Ward has shown some signs of dominance during his two years at Michigan State, putting him in position to possibly leave school early.

NCAA Basketball: Purdue at Michigan State Mike Carter-USA TODAY Sports

Michigan State knew they’d most likely be losing two great players to the NBA early in Miles Bridges and Jaren Jackson Jr. However, one other Spartan is testing the NBA Draft waters and it’s his decision that’ll determine a lot for next year’s team.

Michigan State forward Nick Ward has also entered his name into the NBA Draft and could have very well played his final game in the Spartans’ green-and-white. However, unlike Bridges and Jackson, Ward has not signed with an agent and is keeping the door open for a possible return to East Lansing for his junior season. Ward’s upcoming decision will be a huge factor in how good Michigan State can be in 2018-19.

Ward declaring shouldn’t come as a huge surprise. There’s really no downside/risk for him for entering his name into the mix without signing an agent. Head coach Tom Izzo voiced a similar opinion when it became official Ward would declare.

”I fully support Nick’s decision to take the opportunity to explore his draft stock,” Izzo said in a press release in late March. “He has continued to improve and worked very hard over the last two years to put himself in this position. The process will allow him to receive direct feedback and an assessment as to where he stands in his dream to play at the highest level.”

While it wasn’t a surprise for Ward to test the waters, I’d be shocked if he infact didn’t return to Michigan State next year. After evaluating a number of elements, it simply doesn’t make sense for Ward to go pro just yet.

One of the most telling indicators of whether or not a player is ready to make the jump to the NBA is by looking at mock drafts. And those, my friend, don’t point towards Ward being ready for the next level.

A number of mock drafts I found failed to have Ward being selected. That included,, Basketball Insiders and Tankathon. Also, keep in mind that these were a few of the sites that offered two-round mock drafts — which isn’t the case with other bigger news outlets that only do a first round mock draft. One site had him going 53rd overall to Oklahoma City, but other than that I struggled to find him even being picked in most mock drafts.

The mock drafts indicate he should return to Michigan State, and parts of his game do as well. At this point Ward is a back to the basket post-up player, who can also rebound very well. He really is what most college teams are looking for out of a power forward. However, the college game doesn’t directly translate to the NBA — especially when all of the bigs seem to have a jumpshot in their arsenal.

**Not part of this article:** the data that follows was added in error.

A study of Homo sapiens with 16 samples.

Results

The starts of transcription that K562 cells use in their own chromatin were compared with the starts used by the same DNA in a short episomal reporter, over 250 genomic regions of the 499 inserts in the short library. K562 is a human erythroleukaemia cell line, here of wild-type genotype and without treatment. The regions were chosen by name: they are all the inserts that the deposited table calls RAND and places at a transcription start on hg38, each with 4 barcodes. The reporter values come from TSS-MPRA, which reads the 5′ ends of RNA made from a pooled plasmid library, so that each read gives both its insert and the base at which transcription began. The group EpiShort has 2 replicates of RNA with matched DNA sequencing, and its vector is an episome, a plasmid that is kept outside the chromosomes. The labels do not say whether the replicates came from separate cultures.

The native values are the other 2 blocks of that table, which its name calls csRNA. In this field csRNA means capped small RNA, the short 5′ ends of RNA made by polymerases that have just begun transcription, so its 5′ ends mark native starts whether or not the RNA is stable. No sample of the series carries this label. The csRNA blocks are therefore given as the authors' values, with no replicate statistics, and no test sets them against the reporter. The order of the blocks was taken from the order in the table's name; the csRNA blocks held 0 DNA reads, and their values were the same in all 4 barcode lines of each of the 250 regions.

Ward doesn’t have that jumpshot in his game right now. He’s not someone who stretches the floor in that regard, and at only 6-foot-8 he lacks the size to solely be a post-up guy at the next level. So with that being said, unless he develops a shot from outside the paint then his game won’t translate to the next level. That’s one of the main reasons why he isn’t projected to be selected in many of these mock drafts.

The good news for Ward is that he has a proven track record of improving key aspects of his game. Entering his freshman year he was told he needed to lose weight, so he dropped 30 pounds. He was horrific — just above 50 percent — from the free throw line in the first half of his freshman season, and made a note to improve that part of his game. He’s now shooting just above 65 percent across his last 47 games — that’s still not great but it’s a sign of improvement.

Those were just two examples of where he’s proven in his first two years that he’s got the ability to improve his game when he puts his mind to it. So I have confidence that he can develop a jump shot during his junior and possibly senior season — should he return.

When you look at the facts, it doesn’t make sense for Ward to leave early. He’d need to put on a great showing during the NBA Combine, and even that doesn’t seem like it’ll be enough at this point in time. I believe he can truly benefit from another year in East Lansing, especially when you factor in that he’ll be the Spartans’ go-to threat in the post.

If Ward ends up leaving, then I won’t criticize his decision. I don’t know all of the other off the court factors that go into this type of decision — does he enjoy playing for Izzo or living the college-life for instance are good examples. So without knowing all of the details it wouldn’t be fair to pass judgement should he leave his name in the draft. However, from a pure-basketball breakdown — this is an easy decision in my opinion.

Ward has until May 30 to make up his mind. Don’t expect any decisions until after the NBA Combine, which is from May 16-20. We’ll know more in about a month, but as of right now it looks like the best thing for Ward would be to return to Michigan State next year.